Pterygoplichthys or commonly known as Janitor fish is a genus of South American armoured catfishes. These fish are commonly known as sailfin armoured catfish or sailfin plecs.
The name Pterygoplichthys is derived from the Greek πτέρυγ- (pteryg-), meaning “wing”, (hoplon) – weapon and ἰχθύς (ichthys) meaning “fish”.
Pterygoplichthys has undergone much shifting in the past decades.
Previously Liposarcus, Glyptoperichthys and Pterygoplichthys had been named as separate genera. Since then, these genera were recognized as synonyms of Pterygoplichthys by Armbruster, as the few differences between the genera were not deemed great enough to validate Glyptoperichthys and Liposarcus, and that recognizing these separate genera would leave neither Pterygoplichthys nor Glyptoperichthys as monophyletic.
Pterygoplichthys can be differentiated from most other loricariids due to their large dorsal fins with 9 or more (usually 10) dorsal fin rays, which gives them their common name “sailfin catfish”. These fish have rows of armour plating covering the body; the abdomen is almost completely covered in small plates.
Other characteristics of members of this genus include an underslung suckermouth, evertible cheek plates, adipose fin present, and an enlarged stomach connected to the dorsal abdominal wall by a connective tissue sheet. P. anisitsi, P. disjunctivus, P. multiradiatus, and P. pardalis lack cheek odontodes, but still possess the evertible cheek plates; this was previously used as a trait to determine these fish as part of the genus Liposarcus. Species of the P. gibbiceps group (species formerly classified in the genus Glyptoperichthys) are easily recognized by a large crest above the back of their skull.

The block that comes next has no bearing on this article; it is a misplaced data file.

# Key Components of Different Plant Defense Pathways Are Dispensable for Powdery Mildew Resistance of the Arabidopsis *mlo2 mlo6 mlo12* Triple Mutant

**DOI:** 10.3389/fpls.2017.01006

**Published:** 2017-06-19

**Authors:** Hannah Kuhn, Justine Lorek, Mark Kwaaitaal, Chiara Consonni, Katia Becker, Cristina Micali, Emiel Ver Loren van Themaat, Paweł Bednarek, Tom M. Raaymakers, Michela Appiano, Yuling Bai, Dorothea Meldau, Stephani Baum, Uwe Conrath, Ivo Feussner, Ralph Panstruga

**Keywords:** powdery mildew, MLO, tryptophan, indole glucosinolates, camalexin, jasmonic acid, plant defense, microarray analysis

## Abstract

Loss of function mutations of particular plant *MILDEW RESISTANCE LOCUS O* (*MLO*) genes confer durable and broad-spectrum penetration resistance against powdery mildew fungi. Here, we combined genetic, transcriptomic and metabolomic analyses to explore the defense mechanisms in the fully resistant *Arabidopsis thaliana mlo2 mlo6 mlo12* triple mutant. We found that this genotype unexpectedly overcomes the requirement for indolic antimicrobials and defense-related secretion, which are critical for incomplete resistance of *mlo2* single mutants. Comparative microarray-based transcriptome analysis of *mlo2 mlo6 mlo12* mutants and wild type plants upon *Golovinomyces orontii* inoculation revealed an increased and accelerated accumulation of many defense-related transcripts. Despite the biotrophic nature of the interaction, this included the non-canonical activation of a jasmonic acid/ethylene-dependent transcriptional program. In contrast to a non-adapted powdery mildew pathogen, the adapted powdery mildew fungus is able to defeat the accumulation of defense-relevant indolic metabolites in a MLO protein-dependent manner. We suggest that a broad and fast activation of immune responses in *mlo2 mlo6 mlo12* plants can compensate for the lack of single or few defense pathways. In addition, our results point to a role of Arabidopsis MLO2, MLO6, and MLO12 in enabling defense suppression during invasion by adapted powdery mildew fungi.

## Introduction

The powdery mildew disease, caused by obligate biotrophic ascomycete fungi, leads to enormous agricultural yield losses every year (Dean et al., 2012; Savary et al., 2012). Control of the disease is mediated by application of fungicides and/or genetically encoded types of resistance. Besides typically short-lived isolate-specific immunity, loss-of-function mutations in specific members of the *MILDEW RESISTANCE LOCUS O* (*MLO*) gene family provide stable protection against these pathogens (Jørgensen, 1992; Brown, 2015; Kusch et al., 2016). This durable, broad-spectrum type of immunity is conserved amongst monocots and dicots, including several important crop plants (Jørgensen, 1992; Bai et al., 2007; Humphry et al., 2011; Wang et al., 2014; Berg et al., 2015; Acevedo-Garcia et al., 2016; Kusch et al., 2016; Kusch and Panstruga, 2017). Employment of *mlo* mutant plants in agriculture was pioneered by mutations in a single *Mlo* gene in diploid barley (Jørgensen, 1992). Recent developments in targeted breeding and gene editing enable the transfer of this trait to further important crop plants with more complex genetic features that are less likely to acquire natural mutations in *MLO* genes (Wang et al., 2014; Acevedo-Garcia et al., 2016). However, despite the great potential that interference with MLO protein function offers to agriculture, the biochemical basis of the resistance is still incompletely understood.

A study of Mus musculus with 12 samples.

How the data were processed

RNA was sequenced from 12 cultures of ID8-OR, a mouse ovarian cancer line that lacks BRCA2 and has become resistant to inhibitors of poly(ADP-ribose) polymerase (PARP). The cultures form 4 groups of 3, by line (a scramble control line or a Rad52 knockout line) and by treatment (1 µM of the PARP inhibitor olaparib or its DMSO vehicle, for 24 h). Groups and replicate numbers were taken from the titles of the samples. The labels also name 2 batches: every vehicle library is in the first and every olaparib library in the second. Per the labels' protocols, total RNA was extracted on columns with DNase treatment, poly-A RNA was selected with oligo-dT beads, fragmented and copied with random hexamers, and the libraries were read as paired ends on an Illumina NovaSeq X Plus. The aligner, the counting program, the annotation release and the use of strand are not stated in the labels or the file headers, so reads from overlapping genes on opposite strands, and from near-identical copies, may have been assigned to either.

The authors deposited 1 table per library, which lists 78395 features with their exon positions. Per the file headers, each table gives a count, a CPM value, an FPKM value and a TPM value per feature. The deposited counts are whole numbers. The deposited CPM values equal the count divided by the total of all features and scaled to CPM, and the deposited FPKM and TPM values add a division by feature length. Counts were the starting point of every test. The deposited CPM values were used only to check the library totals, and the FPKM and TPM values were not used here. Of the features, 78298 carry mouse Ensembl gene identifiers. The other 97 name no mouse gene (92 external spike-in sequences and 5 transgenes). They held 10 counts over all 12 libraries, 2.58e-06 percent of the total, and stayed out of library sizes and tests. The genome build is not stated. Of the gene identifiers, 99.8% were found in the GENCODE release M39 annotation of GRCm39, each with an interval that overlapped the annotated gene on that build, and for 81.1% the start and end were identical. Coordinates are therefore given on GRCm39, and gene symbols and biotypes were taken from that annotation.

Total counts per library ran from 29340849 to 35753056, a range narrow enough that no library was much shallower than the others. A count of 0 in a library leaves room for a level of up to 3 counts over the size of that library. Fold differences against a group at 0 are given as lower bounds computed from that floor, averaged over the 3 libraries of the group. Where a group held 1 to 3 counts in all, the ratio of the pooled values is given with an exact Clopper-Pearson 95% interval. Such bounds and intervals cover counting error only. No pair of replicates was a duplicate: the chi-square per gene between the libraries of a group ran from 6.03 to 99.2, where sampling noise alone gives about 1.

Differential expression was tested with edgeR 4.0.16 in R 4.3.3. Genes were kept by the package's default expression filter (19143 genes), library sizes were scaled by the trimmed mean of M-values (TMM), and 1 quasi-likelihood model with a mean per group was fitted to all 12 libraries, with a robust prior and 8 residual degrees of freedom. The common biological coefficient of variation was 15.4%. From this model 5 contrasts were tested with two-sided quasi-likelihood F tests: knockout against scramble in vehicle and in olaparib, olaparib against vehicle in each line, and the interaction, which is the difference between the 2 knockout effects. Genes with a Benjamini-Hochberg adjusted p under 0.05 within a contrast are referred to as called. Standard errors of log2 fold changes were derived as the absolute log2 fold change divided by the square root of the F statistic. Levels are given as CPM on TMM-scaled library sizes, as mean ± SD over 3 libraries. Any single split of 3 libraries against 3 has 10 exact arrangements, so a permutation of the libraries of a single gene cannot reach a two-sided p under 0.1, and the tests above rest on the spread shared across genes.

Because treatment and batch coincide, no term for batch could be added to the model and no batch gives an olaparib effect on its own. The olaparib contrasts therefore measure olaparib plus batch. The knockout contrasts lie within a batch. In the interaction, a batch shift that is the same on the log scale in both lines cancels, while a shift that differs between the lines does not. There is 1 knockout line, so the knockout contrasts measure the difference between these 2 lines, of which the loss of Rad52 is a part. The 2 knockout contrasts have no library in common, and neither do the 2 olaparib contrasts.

Colour pattern is generally dark brown with either darker spots or lighter spots or vermiculations. The adult size of a member of Pterygoplichthys can range from about 50–70 cm.
The stomach of Pterygoplichthys is greatly expanded with the posterior portion forming a long, thin sac that is highly vascularized.
Pterygoplichthys’ habitat is most common in sluggish streams, floodplain lakes, and marshes. They are known from the Orinoco, Amazon, Magdalena, Maracaibo, Paraná, Parnaíba and São Francisco systems.
These fish have been introduced into many locations. Several species of Pterygoplichthys have been established in the United States in Florida, Hawaii, Nevada, and Texas. Established species include P. multiradiatus in Florida and Hawaii, P. disjunctivus in Florida, and P. anisitsi in Texas. Sailfin catfish are one of the more successful established exotic fish in Florida in terms of their range extension and abundance, yet their presence has not had any measurable effect on native fishes, although they have contributed significantly to the carrying capacity of some fish communities. Moreover, none of the 30 professional water managers, engineers, lake management, and shoreline stabilization company owners contacted in 2004 by a particular study considered erosion caused by the burrowing activity of loricariid catfishes a major problem, except in some man-made lakes in the southeastern part of the state.
In Mexico, P. multiradiatus is established in Campeche, Chiapas, and other localities in central and western Mexico, while P. pardalis has been found in southeastern Mexico. In the Philippines, where these fish are known as janitor fish, P. disjunctivus and P. pardalis have been found, these fish are considered a threat to the freshwater fish population; they are found in the Marikina River and Laguna de Bay. P. multiradiatus has also been established in Puerto Rico and Taiwan.
Their primary food is plant matter. Their diet consists of algae, aufwuchs, general plant matter and possibly carrion. They are grazing animals or scavengers as opposed to predator fish.
Pterygoplichthys are known for being kept out of water and sold alive in fish markets, surviving up to 30 hours out of water. Males excavate tunnels into mud banks where eggs are laid.
P. gibbiceps has been bred commercially in fish farms in Florida and Malaysia for the aquarium trade. P. multiradiatus and P. pardalis are both known as common plecos and are widely sold as algae eaters. However, most of them grow too large to be housed in an average home aquarium. In fact, in the wild, the Common Pleco can well exceed 2 feet in length, and, as well as growing large, they also produce a lot of waste that can pollute the water.